SIMEDHealth
Women laughing with information about pap smear and cervical cancer screening

January is Cervical Health Awareness Month. Cervical cancer was once one of the most common causes of cancer death for American women, but now it can be easily prevented with vaccinations and regular screenings.

Learn more about cervical cancer and cervical health with SIMED Ocala Women’s Health Physician, Dr. Oscar Osorio.

1. What exactly is cervical cancer?

Cancer is an abnormal growth of cells on any tissue. The growth is invasive and spreads to adjacent and distant organs, causing damage to tissues. Cervical cancer is cancer of the “tip” or distal area of the uterus.

2. What part of the body is the cervix?

The cervix is the lower, neck-part of the uterus that leads to the vagina. It is where the menstrual flow exits the uterus. The cervix is accessible and seen in the vagina during a gynecologic exam.

3. Who is cervical cancer common in?

Cervical cancer is caused by the HPV virus. The HPV virus is a sexually acquired organism that infects the cervical cells, potentially causing cancer. Although the virus is most common in younger women, teenagers, and women in their early 20s, cervical cancer itself is more common in women older than 30. Women who smoke are at increased risk, as are women with immune deficiencies and those with HIV infection.

4. What is a cervical screening? How does it work?

Infographic showing that HPV and cervical cancer are common in women of certain age groups

A cervical screening is a test designed to identify HPV infections on the cervix in early stages, and thus, avoid progression of the disease to cancer. If cervical cancer is identified, the patient will receive treatment and will be put under surveillance as needed.  You can get tested for cervical cancer with a Pap smear.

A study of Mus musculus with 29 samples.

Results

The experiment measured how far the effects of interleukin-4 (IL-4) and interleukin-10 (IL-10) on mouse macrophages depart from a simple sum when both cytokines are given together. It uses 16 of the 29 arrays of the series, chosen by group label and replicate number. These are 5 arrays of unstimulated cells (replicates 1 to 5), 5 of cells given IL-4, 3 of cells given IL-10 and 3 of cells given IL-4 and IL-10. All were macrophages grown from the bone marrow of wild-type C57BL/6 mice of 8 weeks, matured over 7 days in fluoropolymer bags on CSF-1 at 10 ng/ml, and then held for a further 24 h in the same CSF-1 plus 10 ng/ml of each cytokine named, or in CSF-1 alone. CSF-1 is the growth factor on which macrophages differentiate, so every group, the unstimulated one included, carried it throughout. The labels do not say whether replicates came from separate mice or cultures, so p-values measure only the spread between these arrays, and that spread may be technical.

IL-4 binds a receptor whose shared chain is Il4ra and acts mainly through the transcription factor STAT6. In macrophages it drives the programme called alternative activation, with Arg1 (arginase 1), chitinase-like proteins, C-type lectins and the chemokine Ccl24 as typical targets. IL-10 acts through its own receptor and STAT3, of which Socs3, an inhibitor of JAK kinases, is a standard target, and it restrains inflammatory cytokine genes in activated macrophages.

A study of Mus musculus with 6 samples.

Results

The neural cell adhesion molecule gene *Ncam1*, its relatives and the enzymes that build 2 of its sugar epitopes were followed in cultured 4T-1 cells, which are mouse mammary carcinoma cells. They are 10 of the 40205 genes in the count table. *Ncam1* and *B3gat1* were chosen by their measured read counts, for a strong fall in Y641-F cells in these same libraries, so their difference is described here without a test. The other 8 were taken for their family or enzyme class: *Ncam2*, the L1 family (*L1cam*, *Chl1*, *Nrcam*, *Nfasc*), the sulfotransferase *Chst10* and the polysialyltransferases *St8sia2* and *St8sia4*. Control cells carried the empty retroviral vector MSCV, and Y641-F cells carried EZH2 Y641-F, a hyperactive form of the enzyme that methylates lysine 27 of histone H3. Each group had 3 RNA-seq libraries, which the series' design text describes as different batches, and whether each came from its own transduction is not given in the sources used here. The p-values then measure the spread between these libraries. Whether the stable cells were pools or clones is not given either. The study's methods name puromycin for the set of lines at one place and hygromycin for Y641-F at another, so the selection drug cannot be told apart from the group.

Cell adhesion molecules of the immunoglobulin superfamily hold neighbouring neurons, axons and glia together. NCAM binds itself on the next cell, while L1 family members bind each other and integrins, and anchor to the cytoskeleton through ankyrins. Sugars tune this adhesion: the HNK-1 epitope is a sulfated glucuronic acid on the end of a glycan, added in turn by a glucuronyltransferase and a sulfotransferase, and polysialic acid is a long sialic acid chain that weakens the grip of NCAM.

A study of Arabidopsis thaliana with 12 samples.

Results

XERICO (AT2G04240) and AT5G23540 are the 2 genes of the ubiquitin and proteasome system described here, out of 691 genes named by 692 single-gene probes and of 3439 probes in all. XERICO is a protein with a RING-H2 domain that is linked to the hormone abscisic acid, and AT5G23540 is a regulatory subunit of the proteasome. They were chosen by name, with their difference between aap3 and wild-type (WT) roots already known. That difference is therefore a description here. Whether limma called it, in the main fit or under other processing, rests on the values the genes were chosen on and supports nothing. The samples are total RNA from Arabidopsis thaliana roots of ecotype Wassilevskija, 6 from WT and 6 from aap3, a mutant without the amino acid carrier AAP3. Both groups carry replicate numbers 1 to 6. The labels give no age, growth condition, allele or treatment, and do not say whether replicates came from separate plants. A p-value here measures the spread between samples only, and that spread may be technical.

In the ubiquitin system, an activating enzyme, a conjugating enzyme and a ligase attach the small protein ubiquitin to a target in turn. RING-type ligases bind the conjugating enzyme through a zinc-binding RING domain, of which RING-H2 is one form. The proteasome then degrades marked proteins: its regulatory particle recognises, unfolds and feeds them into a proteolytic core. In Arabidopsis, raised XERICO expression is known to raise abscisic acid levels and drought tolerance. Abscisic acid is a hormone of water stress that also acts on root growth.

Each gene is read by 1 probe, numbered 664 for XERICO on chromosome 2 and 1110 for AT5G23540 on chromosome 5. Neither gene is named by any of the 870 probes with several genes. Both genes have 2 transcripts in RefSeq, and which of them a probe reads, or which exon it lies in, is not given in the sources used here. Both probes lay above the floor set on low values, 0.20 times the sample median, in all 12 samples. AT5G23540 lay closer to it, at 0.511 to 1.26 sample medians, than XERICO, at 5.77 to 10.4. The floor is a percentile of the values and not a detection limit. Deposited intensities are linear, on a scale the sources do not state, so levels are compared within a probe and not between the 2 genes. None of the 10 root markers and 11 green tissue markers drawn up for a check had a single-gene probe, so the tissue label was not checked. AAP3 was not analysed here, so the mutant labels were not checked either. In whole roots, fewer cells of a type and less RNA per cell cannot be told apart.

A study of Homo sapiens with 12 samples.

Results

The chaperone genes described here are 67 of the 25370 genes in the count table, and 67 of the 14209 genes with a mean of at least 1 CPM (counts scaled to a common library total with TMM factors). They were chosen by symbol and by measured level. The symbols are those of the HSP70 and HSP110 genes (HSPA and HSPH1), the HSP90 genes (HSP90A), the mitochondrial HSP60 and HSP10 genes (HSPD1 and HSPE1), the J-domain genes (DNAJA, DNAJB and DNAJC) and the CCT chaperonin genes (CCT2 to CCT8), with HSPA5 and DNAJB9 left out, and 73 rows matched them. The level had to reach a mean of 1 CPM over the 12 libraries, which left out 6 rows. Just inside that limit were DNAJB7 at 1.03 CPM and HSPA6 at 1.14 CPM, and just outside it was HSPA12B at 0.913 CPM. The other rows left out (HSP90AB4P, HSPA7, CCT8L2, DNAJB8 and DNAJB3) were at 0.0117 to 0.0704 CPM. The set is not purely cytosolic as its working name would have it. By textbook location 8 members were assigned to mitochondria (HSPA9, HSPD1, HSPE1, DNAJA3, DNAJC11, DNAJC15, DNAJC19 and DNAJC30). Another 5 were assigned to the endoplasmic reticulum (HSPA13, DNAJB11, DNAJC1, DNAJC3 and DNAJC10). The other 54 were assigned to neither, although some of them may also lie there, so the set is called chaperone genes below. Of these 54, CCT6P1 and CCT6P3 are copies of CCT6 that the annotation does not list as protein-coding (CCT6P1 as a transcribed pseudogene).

5. How often should people get a cervical screening?

Screenings with pap smear should start at age 21, and current recommendations state a pap smear should be performed at least every 3 years.

6. How else can people avoid cervical cancer?

Other than getting a pap smear as recommended, because HPV is a sexually acquired disease, using condoms could potentially decrease risk. Additionally, refraining from smoking could also reduce the risk. Because cervical cancer is linked to HPV, you should also get vaccinated against HPV. The Centers for Disease Control and Prevention recommend vaccination at ages 11-12, but women can be vaccinated up to age 26.

7. Aside from a screening, what symptoms might indicate someone has cervical cancer?

Early cervical cancer is mostly free of symptoms. One of the most common symptoms, though, is abnormal vaginal bleeding, especially after or during intercourse.

Have you gotten screened for cervical cancer? You can get a screening at the SIMED Women’s Health clinics in Gainesville, Ocala, Lake City, Chiefland, or Lady Lake.

To schedule an appointment, call:
Gainesville, Lake City, Chiefland: (352) 331-1000
Ocala, Lady Lake: (352) 391-6464
Or you can request an appointment online.

If you would like to schedule an appointment specifically with Dr. Osorio in Lady Lake or Ocala, call (352) 391-6464 or request an appointment online.